Interpol Detects New Narcotic Smuggling Methods and Routes
Interpol said Tuesday it discovered new routes and methods West Asian and African criminal networks use to smuggle narcotics - for example, swallowing condoms filled with liquid cocaine and safely passing through airport security.
More than 2,000 police and customs officials across 14 countries worldwide took part in the first phase of the so-called Operation Lionfish – ASEAN, which targeted only airports. The second phase will focus on land and sea borders.
The Interpol-led operation "shows the importance of timely information exchange and it is through such a platform that participating countries come together as one strong force, acting in unison," said Abdul Halim Rahman, Senior Officer-In-Charge of the Central Narcotics Bureau at Changi Airport in Singapore.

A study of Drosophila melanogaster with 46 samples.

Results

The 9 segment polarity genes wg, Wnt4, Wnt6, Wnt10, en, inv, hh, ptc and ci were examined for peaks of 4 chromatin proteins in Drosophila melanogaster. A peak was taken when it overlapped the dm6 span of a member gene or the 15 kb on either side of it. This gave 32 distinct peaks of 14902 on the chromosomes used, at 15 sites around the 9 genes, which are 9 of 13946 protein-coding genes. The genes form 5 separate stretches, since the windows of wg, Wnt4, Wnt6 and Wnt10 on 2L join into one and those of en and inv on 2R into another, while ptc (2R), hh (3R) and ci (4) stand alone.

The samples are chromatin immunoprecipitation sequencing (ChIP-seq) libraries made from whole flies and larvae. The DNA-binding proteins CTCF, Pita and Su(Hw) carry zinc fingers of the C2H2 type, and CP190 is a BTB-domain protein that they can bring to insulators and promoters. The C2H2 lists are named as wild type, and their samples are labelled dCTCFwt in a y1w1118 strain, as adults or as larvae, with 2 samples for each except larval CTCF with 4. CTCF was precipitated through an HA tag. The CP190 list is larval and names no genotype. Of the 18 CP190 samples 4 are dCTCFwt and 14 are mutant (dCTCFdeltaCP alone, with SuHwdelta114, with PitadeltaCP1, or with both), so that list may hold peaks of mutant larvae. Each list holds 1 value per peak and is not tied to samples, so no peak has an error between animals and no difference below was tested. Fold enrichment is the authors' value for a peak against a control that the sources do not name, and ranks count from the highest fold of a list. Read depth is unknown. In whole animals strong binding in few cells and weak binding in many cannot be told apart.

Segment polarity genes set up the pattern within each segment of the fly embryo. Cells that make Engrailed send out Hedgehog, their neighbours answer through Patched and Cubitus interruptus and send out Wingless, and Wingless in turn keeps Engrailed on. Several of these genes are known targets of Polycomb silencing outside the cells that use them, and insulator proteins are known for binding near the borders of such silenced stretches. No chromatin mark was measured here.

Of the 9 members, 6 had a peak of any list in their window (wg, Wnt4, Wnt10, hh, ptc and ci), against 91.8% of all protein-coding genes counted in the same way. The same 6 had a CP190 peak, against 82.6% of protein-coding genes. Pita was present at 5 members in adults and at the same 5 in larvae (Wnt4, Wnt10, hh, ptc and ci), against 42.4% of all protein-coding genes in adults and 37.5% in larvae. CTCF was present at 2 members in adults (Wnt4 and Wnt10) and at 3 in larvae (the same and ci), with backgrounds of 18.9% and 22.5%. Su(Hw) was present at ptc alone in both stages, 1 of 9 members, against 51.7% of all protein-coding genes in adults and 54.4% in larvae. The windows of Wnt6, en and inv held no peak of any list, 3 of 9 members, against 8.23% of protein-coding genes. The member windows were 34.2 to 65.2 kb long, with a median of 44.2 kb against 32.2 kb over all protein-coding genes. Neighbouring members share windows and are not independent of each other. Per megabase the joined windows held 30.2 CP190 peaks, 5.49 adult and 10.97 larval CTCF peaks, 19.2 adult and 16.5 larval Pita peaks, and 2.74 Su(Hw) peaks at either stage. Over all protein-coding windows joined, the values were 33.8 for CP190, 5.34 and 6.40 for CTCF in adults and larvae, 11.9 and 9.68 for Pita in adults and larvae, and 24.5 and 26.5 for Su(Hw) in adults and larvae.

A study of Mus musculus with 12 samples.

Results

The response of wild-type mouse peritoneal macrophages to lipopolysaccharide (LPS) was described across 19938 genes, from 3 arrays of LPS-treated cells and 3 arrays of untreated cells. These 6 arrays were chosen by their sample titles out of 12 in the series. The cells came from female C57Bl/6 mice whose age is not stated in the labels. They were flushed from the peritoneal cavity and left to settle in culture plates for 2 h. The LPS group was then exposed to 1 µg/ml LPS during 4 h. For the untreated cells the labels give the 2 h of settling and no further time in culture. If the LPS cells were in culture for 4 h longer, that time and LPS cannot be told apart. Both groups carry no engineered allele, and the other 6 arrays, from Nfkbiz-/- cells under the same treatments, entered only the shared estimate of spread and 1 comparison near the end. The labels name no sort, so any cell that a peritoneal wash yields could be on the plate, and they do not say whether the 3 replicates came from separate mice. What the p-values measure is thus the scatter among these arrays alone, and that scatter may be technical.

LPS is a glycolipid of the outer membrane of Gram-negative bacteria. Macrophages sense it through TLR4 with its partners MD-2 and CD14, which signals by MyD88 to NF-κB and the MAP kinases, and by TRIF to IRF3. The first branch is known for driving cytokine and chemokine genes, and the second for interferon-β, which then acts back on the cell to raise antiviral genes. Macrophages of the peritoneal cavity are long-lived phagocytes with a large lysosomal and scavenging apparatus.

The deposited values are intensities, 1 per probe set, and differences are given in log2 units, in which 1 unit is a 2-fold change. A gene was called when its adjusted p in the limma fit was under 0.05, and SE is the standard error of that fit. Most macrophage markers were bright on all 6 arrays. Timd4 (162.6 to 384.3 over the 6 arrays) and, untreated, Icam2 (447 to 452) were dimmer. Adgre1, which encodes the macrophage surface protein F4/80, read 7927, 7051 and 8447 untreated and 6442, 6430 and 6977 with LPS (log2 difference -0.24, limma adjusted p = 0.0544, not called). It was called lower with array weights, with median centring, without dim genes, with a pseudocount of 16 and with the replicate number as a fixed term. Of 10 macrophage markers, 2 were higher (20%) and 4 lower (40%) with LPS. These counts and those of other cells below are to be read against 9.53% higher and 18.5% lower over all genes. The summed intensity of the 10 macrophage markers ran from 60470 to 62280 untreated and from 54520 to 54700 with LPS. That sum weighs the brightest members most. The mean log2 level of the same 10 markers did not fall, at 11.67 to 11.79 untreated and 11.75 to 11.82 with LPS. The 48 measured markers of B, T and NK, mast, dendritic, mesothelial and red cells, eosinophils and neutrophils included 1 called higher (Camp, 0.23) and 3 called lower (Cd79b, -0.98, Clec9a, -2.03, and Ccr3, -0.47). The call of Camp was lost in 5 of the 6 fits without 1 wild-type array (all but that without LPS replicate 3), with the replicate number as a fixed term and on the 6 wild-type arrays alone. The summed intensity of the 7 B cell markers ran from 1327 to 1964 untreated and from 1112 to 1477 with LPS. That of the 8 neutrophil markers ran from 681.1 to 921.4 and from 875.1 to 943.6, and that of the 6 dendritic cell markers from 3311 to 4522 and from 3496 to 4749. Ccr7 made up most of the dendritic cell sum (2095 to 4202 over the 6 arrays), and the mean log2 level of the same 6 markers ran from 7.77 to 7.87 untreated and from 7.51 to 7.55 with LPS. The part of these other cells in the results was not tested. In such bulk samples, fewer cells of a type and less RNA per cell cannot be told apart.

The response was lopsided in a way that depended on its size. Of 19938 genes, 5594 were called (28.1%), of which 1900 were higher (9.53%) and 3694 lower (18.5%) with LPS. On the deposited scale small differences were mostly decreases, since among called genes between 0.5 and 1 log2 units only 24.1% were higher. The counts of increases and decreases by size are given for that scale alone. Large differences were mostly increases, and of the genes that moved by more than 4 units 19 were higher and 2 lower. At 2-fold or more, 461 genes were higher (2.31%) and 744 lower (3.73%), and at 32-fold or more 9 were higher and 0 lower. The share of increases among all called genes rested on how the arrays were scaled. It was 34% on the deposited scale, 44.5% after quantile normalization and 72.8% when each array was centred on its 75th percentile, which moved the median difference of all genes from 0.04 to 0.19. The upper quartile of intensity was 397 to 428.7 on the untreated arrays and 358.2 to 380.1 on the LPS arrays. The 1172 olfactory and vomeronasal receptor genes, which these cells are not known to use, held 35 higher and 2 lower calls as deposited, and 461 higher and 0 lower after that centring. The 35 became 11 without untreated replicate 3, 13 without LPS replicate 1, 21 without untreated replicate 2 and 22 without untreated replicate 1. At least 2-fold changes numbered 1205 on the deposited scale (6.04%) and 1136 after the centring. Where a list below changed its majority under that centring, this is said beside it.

Methamphetamine - one of the most smuggled drugs in the Asia-Pacific region - represents a quarter of the seized substances, which also include cocaine, cannabis, heroin and amphetamine-type stimulants (ATS) worth about US$ 18 million.
The innovative and dangerous 'condom' trick was detected by officials in the United Arab Emirates (U.A.E). They notified Interpol which then shared the information and detection techniques with 190 member countries.
Some more traditional methods were also observed: ivory hidden inside frozen salmon or methamphetamine concealed in soft toys.
Law enforcement identified a new cocaine trafficking route via Ethiopia to destinations in the Middle East, Asia and Pacific.